My interest, study and practice of yoga has been, shall I say, impassioned for over a decade now. Ten years of teaching yoga has been an absolute gift. Coming back to teach my regular class after a two week break, I was reminded of how lucky I am. For me, to teach is to invite and guide a group or individual to journey within themselves; to find that stillness, even for a moment; to awaken a curiosity of their inner world and for the array of sensations sweeping through the body; to encourage them to expand beyond their self-made definitions. To offer that to people is such a treat as I too can experience it and build on it. That all sounds nice, but also on a practical note, what I love about yoga is that it is health giving.
When I was first trained as a Kundalini Yoga teacher I was trained to teach people who were already healthy; people who wanted to increase their strength and flexibility, decrease their stress levels and feel vital. Classes weren’t aimed at people who had a health condition, even though I knew that a lot of the techniques I had learned could be applied to specific conditions. But over the years of teaching, I have often met students who had specific needs and who aren’t necessarily suited to a general class. More and more people with complex needs are attracted to yoga because they have experienced or read about the benefits of a simple practice. There are more books, such as Meditation as Medicine by Dharma Singh Khalsa, M.D & Cameron Stauth that enlighten people on how yoga can create a positive change in their health without the use of medication. There are continually more studies of yoga and complementary care being conducted. The National Cancer Institute is even sponsoring a $4.5 million phase III clinical trial, presently the largest study of yoga in cancer ever funded.
Kundalini Yoga, as taught by Yogi Bhajan, has an incredible curriculum of continuing education and training. On finishing my initial teacher training I could then continue with my level two training which was a series of rich and well written intensive modules on communication, relationships, stress and its effects, the mind and meditation, lifecycles and within this training you could grasp a solid understanding of our body and it’s systems. The trainings not only served me as a teacher but also added so much to my Kinesiology and Bowen therapy. What a difference 10 years of teaching and practicing makes.
When I heard that a pioneer, in the west, for the therapeutic application of Yoga, Dr Shanti Shanti was coming to Australia I immediately put up my hand. I was already applying yogic techniques in a therapeutic capacity in my treatment sessions but I felt that I lacked a foundation or language that enabled me to apply it with an innermost confidence. What Dr Shanti Shanti was offering was a Foundations of Yoga Therapy course and a module for working with the Immune System, Cancer and Viral Conditions. A few months later I was on a plane to Sydney again ready to dive into the teachings of yogic sciences. Like all Kundalini Yoga retreats, each training day began at 5am for a 2.5hr practice session and ended just in time to crawl into bed at 9pm. It may seem gruelling, but actually it’s uplifting and delightfully arduous.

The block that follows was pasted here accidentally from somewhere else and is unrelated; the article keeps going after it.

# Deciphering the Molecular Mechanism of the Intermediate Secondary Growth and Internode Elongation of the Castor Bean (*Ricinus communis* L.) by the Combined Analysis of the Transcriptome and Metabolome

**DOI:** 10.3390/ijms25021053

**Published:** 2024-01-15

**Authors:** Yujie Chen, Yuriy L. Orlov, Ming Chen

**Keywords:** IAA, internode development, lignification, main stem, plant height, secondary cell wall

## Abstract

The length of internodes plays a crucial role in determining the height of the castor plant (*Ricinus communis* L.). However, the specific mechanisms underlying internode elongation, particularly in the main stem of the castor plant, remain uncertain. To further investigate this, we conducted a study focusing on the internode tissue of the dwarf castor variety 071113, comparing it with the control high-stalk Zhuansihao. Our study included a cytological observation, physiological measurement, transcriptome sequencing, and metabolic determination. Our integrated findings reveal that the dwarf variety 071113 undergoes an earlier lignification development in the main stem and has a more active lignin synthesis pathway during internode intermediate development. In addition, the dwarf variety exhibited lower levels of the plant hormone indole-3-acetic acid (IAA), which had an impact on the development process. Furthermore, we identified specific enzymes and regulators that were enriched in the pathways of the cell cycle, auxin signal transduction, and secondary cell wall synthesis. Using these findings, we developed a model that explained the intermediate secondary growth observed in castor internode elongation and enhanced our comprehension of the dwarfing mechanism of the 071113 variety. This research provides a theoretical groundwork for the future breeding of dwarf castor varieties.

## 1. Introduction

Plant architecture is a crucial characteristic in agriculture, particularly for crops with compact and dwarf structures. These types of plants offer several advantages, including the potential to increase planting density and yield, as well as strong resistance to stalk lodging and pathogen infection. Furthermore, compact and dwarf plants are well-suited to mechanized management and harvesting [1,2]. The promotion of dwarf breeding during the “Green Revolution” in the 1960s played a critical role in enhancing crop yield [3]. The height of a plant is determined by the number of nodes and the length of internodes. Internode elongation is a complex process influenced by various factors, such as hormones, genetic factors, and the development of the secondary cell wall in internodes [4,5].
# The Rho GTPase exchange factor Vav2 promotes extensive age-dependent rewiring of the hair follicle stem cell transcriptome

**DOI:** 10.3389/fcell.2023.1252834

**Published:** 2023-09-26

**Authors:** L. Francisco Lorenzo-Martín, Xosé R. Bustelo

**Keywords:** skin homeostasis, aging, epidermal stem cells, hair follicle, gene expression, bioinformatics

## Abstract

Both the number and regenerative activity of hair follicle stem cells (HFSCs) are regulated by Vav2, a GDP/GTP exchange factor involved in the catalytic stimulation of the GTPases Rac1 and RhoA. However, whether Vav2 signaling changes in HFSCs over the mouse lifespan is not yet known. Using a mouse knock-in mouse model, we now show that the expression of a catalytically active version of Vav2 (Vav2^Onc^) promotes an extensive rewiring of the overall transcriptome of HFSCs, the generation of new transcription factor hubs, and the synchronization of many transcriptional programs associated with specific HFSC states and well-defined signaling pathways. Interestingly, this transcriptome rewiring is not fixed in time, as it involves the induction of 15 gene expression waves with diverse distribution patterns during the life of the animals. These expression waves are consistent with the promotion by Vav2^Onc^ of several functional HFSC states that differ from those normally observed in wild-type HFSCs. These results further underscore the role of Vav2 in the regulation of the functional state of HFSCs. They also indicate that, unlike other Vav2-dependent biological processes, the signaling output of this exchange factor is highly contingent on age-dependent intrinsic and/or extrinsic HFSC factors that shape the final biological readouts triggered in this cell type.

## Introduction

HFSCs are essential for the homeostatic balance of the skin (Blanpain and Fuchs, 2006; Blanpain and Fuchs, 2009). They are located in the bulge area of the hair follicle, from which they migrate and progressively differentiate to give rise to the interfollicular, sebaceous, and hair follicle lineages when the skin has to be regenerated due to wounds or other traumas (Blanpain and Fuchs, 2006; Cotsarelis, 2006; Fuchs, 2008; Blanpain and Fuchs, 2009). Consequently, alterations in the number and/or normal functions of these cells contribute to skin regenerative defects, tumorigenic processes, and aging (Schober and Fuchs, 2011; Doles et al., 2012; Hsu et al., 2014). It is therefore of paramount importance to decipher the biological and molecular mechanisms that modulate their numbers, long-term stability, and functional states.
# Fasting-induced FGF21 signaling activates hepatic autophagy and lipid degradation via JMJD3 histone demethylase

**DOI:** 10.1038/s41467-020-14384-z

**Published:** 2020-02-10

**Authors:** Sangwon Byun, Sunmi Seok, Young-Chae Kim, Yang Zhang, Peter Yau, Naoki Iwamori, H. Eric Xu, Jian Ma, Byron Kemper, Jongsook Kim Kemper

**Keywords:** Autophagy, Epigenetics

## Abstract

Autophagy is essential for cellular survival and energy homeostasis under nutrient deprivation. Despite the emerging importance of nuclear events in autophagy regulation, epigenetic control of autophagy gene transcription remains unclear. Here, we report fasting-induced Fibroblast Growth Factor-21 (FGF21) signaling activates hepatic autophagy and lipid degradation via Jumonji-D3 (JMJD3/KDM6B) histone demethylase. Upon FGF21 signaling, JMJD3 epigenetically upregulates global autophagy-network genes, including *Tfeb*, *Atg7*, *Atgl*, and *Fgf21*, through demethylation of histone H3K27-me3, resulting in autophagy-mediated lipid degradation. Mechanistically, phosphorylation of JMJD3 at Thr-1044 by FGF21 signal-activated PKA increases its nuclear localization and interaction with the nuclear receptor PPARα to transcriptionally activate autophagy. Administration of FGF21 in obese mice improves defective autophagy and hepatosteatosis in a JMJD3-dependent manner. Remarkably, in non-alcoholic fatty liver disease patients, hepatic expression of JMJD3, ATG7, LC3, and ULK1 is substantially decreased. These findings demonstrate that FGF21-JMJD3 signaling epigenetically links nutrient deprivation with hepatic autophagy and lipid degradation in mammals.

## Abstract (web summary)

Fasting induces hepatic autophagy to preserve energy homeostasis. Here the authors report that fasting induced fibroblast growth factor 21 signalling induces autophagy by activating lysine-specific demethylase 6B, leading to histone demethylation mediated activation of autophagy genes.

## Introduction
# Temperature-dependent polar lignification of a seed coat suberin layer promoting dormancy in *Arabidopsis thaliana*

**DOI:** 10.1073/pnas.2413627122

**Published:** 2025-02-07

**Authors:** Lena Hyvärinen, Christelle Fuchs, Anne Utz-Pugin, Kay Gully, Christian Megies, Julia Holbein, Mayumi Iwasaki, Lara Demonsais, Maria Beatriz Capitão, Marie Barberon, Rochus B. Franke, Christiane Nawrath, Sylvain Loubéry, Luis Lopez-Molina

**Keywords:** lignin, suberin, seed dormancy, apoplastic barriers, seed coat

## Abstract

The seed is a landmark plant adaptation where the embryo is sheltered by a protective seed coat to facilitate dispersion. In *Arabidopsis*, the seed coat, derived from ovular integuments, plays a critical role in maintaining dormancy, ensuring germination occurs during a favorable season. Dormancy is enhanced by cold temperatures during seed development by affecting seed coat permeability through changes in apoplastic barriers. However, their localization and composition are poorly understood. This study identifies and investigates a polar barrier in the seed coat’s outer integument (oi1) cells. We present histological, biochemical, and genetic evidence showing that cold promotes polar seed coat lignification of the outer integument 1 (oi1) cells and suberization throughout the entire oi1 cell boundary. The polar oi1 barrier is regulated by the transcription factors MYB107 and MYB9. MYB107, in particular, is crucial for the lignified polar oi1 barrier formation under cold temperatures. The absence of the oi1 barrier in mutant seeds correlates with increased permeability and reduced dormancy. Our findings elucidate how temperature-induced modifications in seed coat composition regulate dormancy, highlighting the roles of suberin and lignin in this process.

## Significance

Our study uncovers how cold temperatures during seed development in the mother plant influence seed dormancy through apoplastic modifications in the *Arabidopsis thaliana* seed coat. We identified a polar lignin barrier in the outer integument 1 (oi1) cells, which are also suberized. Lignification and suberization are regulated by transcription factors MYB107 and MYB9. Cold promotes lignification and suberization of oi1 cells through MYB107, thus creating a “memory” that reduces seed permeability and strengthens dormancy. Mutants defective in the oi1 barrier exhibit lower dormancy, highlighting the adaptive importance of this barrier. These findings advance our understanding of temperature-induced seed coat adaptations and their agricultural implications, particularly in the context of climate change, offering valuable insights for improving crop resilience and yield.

Over the duration of the five day retreat Dr Shanti Shanti challenged us to look at the teachings from a different perspective. Each person with a health condition presents with varying diagnoses and symptoms, be that from the health condition itself or from the medical treatment they are undergoing. It is really important to assess each individual according to their health needs and their capacity and endurance. We mused on the concept of matching the yogic techniques to the person rather than match the person to the yoga and were encouraged to engage with our own sensitivity with a conscious intention to raise the vitality of the audience. The practice of Kundalini Yoga has an emphasis on stress reduction, resilience, inner growth and development, and spirituality which is why it is particularly appropriate for conditions such as cancer, viral conditions and mental illness.
It is undeniable that yoga can greatly enhance your mood and sense of well-being, and this is why the popularity of yoga for health conditions is increasing. The director of research at Kundalini Research Institute, Sat Bir Singh Khalsa, Ph.D. says in a recent article “in addition to improving psychological factors, studies have also shown benefits for physical symptoms including fatigue and nausea”. Another encouraging finding is evidence from a few studies which have actually shown improvements in immune function following yoga practice in cancer patients, a physiological function that one could imagine would be critical for resistance to cancer tumour growth.’
It was deeply reassuring for me to attend this retreat with the inspiring Dr Shanti Shanti, and learn the foundations of applying yoga therapeutically, as well as discovering the proliferation of research and findings of the benefits of yoga. I have always felt that my own personal yoga practice has greatly improved my health and it continually serves me through my highs and lows. So with this shift in my knowledge, understanding and experience, I look forward to developing myself as a Yoga Therapist and bring Kundalini Yoga as taught by Yogi Bhajan for health conditions, to Kundalini House.